What Is High Blood Pressure?
High blood pressure, or hypertension, is not the same thing as heart disease, but it can make heart disease worse. By damaging its arteries and making the heart work too hard, hypertension can help trigger (or be a risk factor for) heart attacks.
Both heart disease and hypertension can kill you. Heart disease can cause you to spend the rest of your life with chest pain or shortness of breath. But not only does hypertension make heart disease more likely, it can cause you to “stroke out” so that – even if you survive – you spend the rest of your life partially paralyzed, unable to hear, or unable to speak.
There are some similarities in the causes of hypertension and coronary artery heart disease. For a long time, we have understood that coronary artery heart disease is due to mistakes in lifestyle, especially nutrition (particularly an overindulgence of dietary fat). But there are also critical differences in their causes. An important cause of coronary artery heart disease is dietary fat and cholesterol. The most important contributor to hypertension, however, is a low ratio of potassium (K) to sodium (Na) – the K Factor – in the food people eat.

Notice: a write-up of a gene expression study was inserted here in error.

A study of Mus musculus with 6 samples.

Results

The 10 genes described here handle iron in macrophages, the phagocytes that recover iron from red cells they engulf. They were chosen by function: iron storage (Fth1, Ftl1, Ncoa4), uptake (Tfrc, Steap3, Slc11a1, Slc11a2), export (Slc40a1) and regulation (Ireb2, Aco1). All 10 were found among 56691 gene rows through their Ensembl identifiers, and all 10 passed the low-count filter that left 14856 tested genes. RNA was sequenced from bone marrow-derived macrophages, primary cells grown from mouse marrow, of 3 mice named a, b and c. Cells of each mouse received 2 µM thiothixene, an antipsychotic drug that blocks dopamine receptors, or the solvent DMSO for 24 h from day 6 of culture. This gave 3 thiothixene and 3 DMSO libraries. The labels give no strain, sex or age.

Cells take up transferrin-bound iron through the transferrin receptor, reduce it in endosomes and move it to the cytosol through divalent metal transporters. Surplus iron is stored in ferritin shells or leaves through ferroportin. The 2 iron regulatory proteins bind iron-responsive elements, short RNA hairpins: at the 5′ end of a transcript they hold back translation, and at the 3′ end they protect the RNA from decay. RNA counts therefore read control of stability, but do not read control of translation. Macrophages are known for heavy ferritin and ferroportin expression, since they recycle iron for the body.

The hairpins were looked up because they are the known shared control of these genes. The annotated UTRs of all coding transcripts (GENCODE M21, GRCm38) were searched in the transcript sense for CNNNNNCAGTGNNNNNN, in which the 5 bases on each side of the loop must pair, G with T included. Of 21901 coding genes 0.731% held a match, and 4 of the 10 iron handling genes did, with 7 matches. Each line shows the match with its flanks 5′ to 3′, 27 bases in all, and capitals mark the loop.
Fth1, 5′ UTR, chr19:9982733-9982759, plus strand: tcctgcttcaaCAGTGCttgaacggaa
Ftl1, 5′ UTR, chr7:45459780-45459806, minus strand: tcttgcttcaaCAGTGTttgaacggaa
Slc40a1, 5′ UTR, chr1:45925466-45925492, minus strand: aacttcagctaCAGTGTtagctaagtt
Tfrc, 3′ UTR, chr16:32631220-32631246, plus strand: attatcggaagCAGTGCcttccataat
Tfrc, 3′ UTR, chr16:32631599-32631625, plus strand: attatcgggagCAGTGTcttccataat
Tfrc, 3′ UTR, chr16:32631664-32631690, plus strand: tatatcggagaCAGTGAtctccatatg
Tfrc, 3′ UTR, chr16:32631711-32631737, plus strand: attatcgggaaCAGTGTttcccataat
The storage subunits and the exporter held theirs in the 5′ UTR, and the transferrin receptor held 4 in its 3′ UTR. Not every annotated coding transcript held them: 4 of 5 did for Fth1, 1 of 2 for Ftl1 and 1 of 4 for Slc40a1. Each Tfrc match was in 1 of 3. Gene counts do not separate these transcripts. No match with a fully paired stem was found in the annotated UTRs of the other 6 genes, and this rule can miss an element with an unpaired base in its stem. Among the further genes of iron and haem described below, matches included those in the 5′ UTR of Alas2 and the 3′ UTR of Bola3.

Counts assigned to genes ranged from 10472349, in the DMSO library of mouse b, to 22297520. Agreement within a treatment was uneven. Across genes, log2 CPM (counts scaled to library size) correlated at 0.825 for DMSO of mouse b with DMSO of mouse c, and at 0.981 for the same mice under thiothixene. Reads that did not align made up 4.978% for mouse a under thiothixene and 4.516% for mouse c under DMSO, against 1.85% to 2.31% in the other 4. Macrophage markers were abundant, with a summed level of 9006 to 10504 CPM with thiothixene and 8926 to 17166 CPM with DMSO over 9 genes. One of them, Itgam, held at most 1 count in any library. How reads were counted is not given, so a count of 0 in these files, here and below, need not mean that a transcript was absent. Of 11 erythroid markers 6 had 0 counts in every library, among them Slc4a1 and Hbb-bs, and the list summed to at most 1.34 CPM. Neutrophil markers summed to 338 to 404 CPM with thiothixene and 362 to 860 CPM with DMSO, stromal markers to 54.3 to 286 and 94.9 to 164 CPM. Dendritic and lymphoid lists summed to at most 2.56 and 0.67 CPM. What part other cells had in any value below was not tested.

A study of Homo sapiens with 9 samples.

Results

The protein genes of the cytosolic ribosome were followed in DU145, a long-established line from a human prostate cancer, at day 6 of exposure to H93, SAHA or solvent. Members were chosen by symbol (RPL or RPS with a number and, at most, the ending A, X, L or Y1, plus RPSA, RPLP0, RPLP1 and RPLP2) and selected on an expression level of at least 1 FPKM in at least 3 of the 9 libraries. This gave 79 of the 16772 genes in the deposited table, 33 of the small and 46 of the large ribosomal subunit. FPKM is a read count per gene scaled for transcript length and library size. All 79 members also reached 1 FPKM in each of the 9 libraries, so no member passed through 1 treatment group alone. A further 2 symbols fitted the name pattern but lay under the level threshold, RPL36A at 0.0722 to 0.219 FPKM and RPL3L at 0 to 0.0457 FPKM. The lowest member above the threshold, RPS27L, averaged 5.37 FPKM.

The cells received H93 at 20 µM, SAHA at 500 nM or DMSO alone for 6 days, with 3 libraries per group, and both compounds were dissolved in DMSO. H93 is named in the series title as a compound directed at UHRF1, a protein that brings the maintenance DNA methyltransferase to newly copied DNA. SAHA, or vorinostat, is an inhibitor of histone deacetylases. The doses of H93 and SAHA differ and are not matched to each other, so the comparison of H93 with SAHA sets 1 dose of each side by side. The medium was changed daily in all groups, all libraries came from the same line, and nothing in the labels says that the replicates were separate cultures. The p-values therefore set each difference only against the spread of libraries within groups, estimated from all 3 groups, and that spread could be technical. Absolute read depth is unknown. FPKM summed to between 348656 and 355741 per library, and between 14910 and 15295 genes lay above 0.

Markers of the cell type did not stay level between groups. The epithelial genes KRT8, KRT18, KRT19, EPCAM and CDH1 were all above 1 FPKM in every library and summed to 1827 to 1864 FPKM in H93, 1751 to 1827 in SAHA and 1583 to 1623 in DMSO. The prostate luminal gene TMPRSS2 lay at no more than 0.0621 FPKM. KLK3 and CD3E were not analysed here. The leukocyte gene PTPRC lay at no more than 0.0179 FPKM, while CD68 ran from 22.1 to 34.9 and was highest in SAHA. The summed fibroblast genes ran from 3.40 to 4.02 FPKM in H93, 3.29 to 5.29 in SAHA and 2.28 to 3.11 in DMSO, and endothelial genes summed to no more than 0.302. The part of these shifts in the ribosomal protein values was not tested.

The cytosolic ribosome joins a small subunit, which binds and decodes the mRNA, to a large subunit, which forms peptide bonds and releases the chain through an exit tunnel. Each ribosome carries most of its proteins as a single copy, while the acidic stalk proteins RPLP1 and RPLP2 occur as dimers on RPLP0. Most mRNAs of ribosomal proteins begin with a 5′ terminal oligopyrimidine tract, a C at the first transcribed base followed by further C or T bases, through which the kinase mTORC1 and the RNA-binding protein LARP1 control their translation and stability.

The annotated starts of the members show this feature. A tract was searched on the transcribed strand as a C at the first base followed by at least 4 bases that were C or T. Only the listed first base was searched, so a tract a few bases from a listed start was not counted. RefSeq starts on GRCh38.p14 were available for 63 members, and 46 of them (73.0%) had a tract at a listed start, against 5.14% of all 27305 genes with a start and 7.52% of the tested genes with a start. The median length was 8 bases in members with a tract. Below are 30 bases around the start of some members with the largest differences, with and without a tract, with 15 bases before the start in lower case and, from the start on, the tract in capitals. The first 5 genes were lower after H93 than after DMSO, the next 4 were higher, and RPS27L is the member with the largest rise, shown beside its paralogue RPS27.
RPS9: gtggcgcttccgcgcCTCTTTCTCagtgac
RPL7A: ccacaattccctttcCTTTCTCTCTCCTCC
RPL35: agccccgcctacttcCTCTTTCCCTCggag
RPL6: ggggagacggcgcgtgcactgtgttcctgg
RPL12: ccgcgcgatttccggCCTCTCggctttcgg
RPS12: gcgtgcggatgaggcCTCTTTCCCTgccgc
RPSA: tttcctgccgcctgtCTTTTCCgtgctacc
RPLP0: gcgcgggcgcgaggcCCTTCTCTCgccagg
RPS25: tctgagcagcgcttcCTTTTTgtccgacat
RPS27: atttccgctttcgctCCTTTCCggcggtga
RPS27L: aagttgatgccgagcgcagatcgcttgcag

Also, high blood pressure is not the same thing as, nor is it due to, “hardening of the arteries” – a term that refers to the cumulative effects of age and poor nutrition, in addition to hypertension, upon the arteries. And lastly, hypertension is not a type of nervous tension.
Whether or not your doctor decides you have hypertension depends on how high your blood pressure is. That’s all there is to it. Blood pressure is the pressure the blood exerts against the walls of all your arteries (the large blood vessels that carry blood from your heart to your body’s tissues). Your heart creates this blood pressure by pumping blood into the arteries. How can you tell if your blood pressure is too high? You can’t – unless it’s measured. In fact, about a third of the people with high blood pressure don’t realize they have it.
How It Is Measured
Your doctor measures your blood pressure by inflating a cuff around your arm with enough pressure to squeeze the artery inside your arm shut. By releasing the pressure of the cuff and listening to the sounds of the pulsating blood as the artery reopens, your doctor can determine your blood pressure.